Resource | Research, Analysis & Background | Assessing/Improving Operations
Analysis of SNAP-Ed Data for All States

SNAP Education (SNAP-Ed) is the nutrition education and obesity prevention component of SNAP; its goal is to improve the likelihood that persons eligible for SNAP will make nutritious food choices within a limited budget and choose physically active lifestyles consistent with the current Dietary Guidelines for Americans and the USDA food guidance.

Resource | Research | Food Security
Evaluation of Demonstration Projects to End Childhood Hunger (EDECH): Final Interim Evaluation Report

This study—authorized by the 2010 Child Nutrition Act—tests innovative strategies to end childhood hunger and food insecurity. The interim evaluation report describes (1) the demonstration projects, (2) planning and early implementation activities, and (3) findings from the baseline data collection for four projects located within Chickasaw Nation, Kentucky, Nevada, and Virginia. A fifth demonstration project was implemented in Navajo Nation but not evaluated due to changes in program design. The demonstrations occurred during 2015-2017 and operated for 12 to 24 months

Resource | Research | General/Other
Supplemental Nutrition Assistance Program (SNAP) Employment and Training Characteristics Study

This study uses surveys of Supplemental Nutrition Assistance Program (SNAP) Employment and Training (E&T) participants and E&T providers to describe the characteristics of SNAP participants who use E&T services and the characteristics of organizations that provide the services. This study uses surveys of SNAP E&T participants and E&T providers to describe the characteristics of SNAP participants who use E&T services and the characteristics of organizations that provide the services.

Resource | Research | Payment Accuracy and Program Integrity
The Extent of Trafficking in the Supplemental Nutrition Assistance Program: 2012–2014

Trafficking of Supplemental Nutrition Assistance Program (SNAP) benefits occurs when SNAP recipients sell their benefits for cash to food retailers, often at a discount. Although trafficking does not increase costs to the Federal Government, it is a diversion of program benefits from their intended purpose of helping low-income families access a nutritious diet. This report, the latest in a series of periodic analyses, provides estimates of the extent of trafficking during the period 2012 through 2014.

Resource | Research | Benefit Content/Cost
Foods Typically Purchased by Supplemental Nutrition Assistance Program (SNAP) Households

This study uses calendar year 2011 point-of-sale transaction data from a leading grocery retailer to examine the food choices of SNAP and non-SNAP households . On average, each month's transaction data contained over 1 billion records of food items bought by 26.5 million households in 127 million unique transactions.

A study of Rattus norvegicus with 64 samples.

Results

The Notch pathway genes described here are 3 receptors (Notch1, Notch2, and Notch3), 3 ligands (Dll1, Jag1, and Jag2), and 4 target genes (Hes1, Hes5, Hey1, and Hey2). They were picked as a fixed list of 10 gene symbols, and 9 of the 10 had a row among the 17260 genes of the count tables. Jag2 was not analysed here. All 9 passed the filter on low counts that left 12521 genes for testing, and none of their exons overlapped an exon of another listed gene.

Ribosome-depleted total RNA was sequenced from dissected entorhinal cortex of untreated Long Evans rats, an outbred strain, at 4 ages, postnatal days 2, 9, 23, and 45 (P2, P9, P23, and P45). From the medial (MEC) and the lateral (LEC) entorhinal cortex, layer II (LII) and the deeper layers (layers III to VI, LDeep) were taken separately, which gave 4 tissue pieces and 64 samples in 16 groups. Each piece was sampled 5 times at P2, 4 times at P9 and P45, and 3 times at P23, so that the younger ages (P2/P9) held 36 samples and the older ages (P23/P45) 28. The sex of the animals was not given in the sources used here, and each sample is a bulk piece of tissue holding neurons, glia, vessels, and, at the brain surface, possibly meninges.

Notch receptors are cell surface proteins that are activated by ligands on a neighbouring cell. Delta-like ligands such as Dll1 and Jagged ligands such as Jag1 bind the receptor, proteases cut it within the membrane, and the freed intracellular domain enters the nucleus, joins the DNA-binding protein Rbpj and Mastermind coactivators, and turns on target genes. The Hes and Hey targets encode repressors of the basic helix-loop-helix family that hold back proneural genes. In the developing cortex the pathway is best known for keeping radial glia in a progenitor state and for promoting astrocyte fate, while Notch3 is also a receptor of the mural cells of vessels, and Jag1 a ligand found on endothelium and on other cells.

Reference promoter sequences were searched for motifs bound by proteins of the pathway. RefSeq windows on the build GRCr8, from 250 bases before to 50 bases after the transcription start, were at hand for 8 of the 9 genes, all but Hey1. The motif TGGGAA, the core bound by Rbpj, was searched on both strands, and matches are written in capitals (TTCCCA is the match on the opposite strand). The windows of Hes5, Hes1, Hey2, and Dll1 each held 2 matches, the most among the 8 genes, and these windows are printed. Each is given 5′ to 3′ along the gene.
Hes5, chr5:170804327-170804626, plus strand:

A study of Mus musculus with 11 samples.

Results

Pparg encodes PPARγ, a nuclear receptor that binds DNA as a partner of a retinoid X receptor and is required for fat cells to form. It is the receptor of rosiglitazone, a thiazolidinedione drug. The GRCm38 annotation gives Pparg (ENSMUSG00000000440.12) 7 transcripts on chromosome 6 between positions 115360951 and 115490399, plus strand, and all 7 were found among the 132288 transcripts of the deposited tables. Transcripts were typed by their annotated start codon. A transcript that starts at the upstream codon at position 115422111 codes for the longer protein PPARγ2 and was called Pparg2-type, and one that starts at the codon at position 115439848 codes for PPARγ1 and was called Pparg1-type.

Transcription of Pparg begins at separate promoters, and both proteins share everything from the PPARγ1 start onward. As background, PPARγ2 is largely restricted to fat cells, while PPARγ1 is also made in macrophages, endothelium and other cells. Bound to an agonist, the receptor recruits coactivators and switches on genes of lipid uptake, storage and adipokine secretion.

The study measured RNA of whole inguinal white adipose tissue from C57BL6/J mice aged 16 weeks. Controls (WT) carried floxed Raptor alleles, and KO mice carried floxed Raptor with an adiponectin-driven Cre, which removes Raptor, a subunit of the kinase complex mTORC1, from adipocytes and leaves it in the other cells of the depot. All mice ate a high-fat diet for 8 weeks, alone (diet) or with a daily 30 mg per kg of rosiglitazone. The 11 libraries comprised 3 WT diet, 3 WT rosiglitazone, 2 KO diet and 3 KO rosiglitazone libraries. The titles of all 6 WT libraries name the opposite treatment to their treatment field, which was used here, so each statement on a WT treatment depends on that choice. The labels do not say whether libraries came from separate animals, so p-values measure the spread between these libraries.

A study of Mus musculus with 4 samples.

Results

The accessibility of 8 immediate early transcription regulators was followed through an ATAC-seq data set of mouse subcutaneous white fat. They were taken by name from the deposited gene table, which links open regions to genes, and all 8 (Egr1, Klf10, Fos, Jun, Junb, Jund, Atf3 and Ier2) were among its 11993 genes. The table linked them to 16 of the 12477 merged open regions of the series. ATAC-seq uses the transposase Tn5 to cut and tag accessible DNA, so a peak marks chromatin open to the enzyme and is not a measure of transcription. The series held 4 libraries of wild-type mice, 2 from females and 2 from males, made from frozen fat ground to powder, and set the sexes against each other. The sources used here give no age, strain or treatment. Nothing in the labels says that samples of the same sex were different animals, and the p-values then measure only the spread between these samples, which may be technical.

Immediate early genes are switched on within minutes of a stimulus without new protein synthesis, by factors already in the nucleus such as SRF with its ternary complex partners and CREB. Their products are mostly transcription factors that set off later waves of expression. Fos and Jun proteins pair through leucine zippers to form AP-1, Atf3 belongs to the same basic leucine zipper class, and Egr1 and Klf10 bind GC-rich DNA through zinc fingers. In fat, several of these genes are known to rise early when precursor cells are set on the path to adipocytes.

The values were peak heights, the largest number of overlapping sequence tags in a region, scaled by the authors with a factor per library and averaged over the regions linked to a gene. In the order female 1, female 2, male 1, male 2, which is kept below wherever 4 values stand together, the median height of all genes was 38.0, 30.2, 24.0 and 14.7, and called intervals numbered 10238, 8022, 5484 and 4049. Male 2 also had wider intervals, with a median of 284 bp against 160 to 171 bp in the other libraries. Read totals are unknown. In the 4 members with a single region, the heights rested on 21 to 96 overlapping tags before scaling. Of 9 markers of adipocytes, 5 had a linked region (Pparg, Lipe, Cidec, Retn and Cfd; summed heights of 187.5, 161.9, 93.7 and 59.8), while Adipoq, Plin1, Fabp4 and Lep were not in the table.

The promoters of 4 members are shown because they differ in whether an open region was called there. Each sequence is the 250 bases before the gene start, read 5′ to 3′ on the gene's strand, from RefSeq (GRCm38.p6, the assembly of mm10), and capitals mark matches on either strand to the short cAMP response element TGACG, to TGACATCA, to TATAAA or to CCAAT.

Resource | Research | Assessing/Improving Operations
Feasibility Study of Capturing Supplemental Nutrition Assistance Program (SNAP) Purchases at the Point of Sale

This study examined the feasibility of creating a data collection system capable of directly and automatically providing USDA with item-level data on purchases made by SNAP households. Data would be captured at the point of sale from purchases made using EBT cards.

Resource | Research | Assessing/Improving Operations
Assessing the Feasibility of Implementing the Supplemental Nutrition Assistance Program in the Commonwealth of the Northern Mariana Islands

Section 4031 of the Agricultural Act of 2014 required a study to determine the feasibility of operating SNAP, or an alternative model of benefit delivery, in the CNMI. This report assesses the CNMI's capacity to administer SNAP in six key SNAP program areas; describes potential barriers to implementing SNAP and modifications that might be needed; and explores which elements of SNAP could be implemented under the existing block grant structure.

Resource | Research | General/Other
Asset Limits, Supplemental Nutrition Assistance Program Participation, and Financial Stability

This study examines the impact of SNAP asset limits on low-income households’ financial stability, including their participation in traditional financial markets and their ability to weather financial shocks. It found that low-income households with relatively high asset holdings were older and had more education compared to other low-income households.

Resource | Research | General/Other
Examination of Cash Nutrition Assistance Program Benefits in Puerto Rico

The Nutrition Assistance Program (NAP) in the Commonwealth of Puerto Rico provides a monthly benefit for food to low-income households that includes both cash and noncash portions. Three-fourths (75 percent) of the benefit must be redeemed for eligible food items through electronic benefit transfer (EBT) at certified retailers. The remaining 25 percent may be redeemed in cash. The entire benefit (both the noncash and cash portions) is to be used only for the purchase of eligible food items.

Resource | Research | Assessing/Improving Operations
Understanding the Rates, Causes, and Costs of Churning in the Supplemental Nutrition Assistance Program (SNAP)

“Churning” in the Supplemental Nutrition Assistance Program (SNAP) is defined as when a household exits SNAP and then re-enters the program within 4 months. Churning is a policy concern due to the financial and administrative burden incurred by both SNAP households and State agencies that administer SNAP. This study explores the circumstances of churning in SNAP by determining the rates and patterns of churn, examining the causes of caseload churn, and calculating costs of churn to both participants and administering agencies in six States.